1. Understand Your Body's Reaction
The fight-or-flight response, also known as the acute stress response, is the physiological reaction to perceived danger. It literally means that your body is preparing to either fight or flee. The following are byproducts of acute stress:
- Rapid Heart Beat and Breathing: The body increases heartbeat and respiration; This provides oxygen and energy that will be needed to respond to danger.
- Flushed or Pale Skin: As the stress response begins, blood flow to the surface areas of the body is reduced, and flow to the legs, arms, muscles, and brain increases. You may become pale, flushed, or alternate between the two.
- Dilated Pupils: The body prepares itself to be more observant and aware.
- Trembling: Your muscles become tense and ready for action; this can result in shaking or trembling.
Understanding ‘fight or flight’ allows you to mitigate, alleviate, and lighten these reactions. You recognize that you’re not in mortal danger, and you won’t be kicked out of your one human tribe, and forced to face this dangerous and cruel world alone. This realization allows for some levity. You can recognize this reaction, and say to yourself, “I’m perfectly fine, safe, and feeling more and more strong, self-assured, and empowered.”
2. Practice Visualization
Visualization is a powerful tool; many successful athletes and business icons credit it for their success. Michael Phelps, a 23-time gold medalist, Arnold Schwarzenegger, and Lindsey Vonn, one of the most successful female skiers in history, visualized often. Oprah Winfrey and Jim Carrey state that visualizing specific goals and achievements resulted in their fruition; it made it happen.
Practicing visualization each day for 10-20 minutes will retrain your brain to move from fear to confidence. Close your eyes and see the venue where you will be speaking. Imagine your audience. Are these colleagues or fellow students? Make the imagery vivid; include sounds, smells, lighting, and people. See yourself speaking with confidence. See the audience interested and engaged. Once you’ve given the presentation, feel pride and joy in your accomplishment. Your brain will interpret this as though it actually happened. Visualization works. Rewire your brain and transform your reality.
3. Take Advantage of Every Speaking Opportunity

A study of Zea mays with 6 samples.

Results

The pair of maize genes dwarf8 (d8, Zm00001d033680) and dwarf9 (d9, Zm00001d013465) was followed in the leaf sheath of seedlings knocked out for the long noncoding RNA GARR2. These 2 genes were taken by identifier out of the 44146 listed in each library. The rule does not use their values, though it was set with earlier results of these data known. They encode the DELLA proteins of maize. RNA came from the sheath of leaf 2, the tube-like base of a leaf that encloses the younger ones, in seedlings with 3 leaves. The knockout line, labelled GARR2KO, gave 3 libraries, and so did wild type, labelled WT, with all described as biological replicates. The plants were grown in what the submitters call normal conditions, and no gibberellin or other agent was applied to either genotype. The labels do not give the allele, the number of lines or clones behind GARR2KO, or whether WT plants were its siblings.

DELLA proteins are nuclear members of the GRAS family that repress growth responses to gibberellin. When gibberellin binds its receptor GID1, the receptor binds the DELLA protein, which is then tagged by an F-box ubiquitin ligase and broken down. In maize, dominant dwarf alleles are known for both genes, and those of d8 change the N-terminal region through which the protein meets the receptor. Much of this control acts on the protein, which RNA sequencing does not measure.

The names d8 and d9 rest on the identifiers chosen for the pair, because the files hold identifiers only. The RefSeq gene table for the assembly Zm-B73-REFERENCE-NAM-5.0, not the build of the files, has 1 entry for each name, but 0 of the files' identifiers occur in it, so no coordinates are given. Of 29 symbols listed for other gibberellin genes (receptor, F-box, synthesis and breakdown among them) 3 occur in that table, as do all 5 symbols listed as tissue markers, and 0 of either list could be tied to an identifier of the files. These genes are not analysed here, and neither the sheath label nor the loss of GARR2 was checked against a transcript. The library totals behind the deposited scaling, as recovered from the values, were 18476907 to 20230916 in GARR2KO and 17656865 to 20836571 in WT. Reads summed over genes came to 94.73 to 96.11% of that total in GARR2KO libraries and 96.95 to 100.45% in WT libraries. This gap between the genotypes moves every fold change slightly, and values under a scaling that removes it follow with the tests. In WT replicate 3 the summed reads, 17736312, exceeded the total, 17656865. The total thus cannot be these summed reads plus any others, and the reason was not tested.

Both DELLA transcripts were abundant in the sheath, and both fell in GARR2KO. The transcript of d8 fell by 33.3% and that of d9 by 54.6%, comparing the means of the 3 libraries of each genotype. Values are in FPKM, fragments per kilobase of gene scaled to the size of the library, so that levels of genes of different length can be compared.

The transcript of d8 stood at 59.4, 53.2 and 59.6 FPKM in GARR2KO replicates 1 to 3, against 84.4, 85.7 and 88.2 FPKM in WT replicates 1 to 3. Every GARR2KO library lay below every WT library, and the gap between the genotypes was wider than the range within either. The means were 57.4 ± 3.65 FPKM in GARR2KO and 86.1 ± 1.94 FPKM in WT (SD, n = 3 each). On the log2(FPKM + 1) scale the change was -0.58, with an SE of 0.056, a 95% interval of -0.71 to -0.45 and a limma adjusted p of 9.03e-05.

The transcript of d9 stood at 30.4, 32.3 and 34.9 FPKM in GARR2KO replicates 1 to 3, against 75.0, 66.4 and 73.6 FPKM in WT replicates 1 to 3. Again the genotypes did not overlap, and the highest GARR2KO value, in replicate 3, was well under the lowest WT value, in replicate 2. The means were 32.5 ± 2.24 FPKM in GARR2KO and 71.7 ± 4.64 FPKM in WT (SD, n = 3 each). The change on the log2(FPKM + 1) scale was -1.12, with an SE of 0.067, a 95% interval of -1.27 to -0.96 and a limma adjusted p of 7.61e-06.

Just like the saying, “practice makes perfect,” the more you do, the better you become. It’s like learning to play the piano. No one sits down and plays like Mozart. It’s taking incremental steps forward. The more you practice, the more confident, proficient, and engaging you become. Talk to new people at work and in social events. Give toasts — volunteer information at your next meeting. Take advantage of every speaking opportunity, and you will grow. Each time you speak, tell yourself, “I’m continuing to grow in confidence and engagement, and it’s not scary. It’s actually kind of fun.” Feel pride every time you speak when it scares you. You’ll begin to find that speaking is coming more naturally to you, and your confidence will grow.
4. Practice, Practice, Practice Speaking Out-Loud,
Once you’ve volunteered to host your next business meeting or give that speech at a wedding, practice, jot down a quick outline, and then start talking to yourself. Just put in a Bluetooth, and even if you don’t have one, everyone will assume you do. Practice out-loud as frequently as possible, in the car, walking, and at home.
You can also record yourself. We often sound different than we believe we do. Listen, identify areas for improvement, and continue to perfect your message.
Saying your speech out-loud continues to rewire your brain. Most people practice their speeches in their minds only. Whenever you practice your presentation out loud, you continue to strengthen the neuro pathways from thought to spoken word. Incorporate aspects of visualization; imagine the venue, feel pride and happiness after practicing, relishing in your accomplishment and success. Again, your brain will interpret this as though it actually happened.
5. Stop the Negative Self-Talk and Replace It
Become aware of your thinking. When you catch yourself thinking negative statements about public speaking, such as-
- I’m horrible.
- I’m going to fail.
- Everyone will think I’m stupid.
Stop this negative thinking in its tracks. Everyone with a fear of public speaking began here. All of these statements are negative assumptions, and none of them are true. Are you a fortuneteller? Can you see the future? No. When this old broken record skips in your brain, stop the negative self-messaging, and replace it with positive statements of empowerment, such as:
- I’m a confident and engaging speaker.
- I have valuable insight and information that people want to hear.
- I’m continuing to grow in my speaking journey and getting better and better.
This continues to rewire your brain, moving you from a fearful speaker to an empowered speaker.
These five easy exercises will move you from fear to confidence. You’ve already completed one of the five. You understand ‘fight or flight,’ and can reassure yourself that you’re safe. You can stop the negative self-talk beginning now and replace it with positive, affirming statements. Try visualization tonight. It feels great! Pretend that you’re hosting the next business meeting, and start practicing out-loud, frequently. Then volunteer and actually do it. You’ll be shocked at how quickly you improve following these steps. Why not begin to conquer this fear today, and release your inner prowess?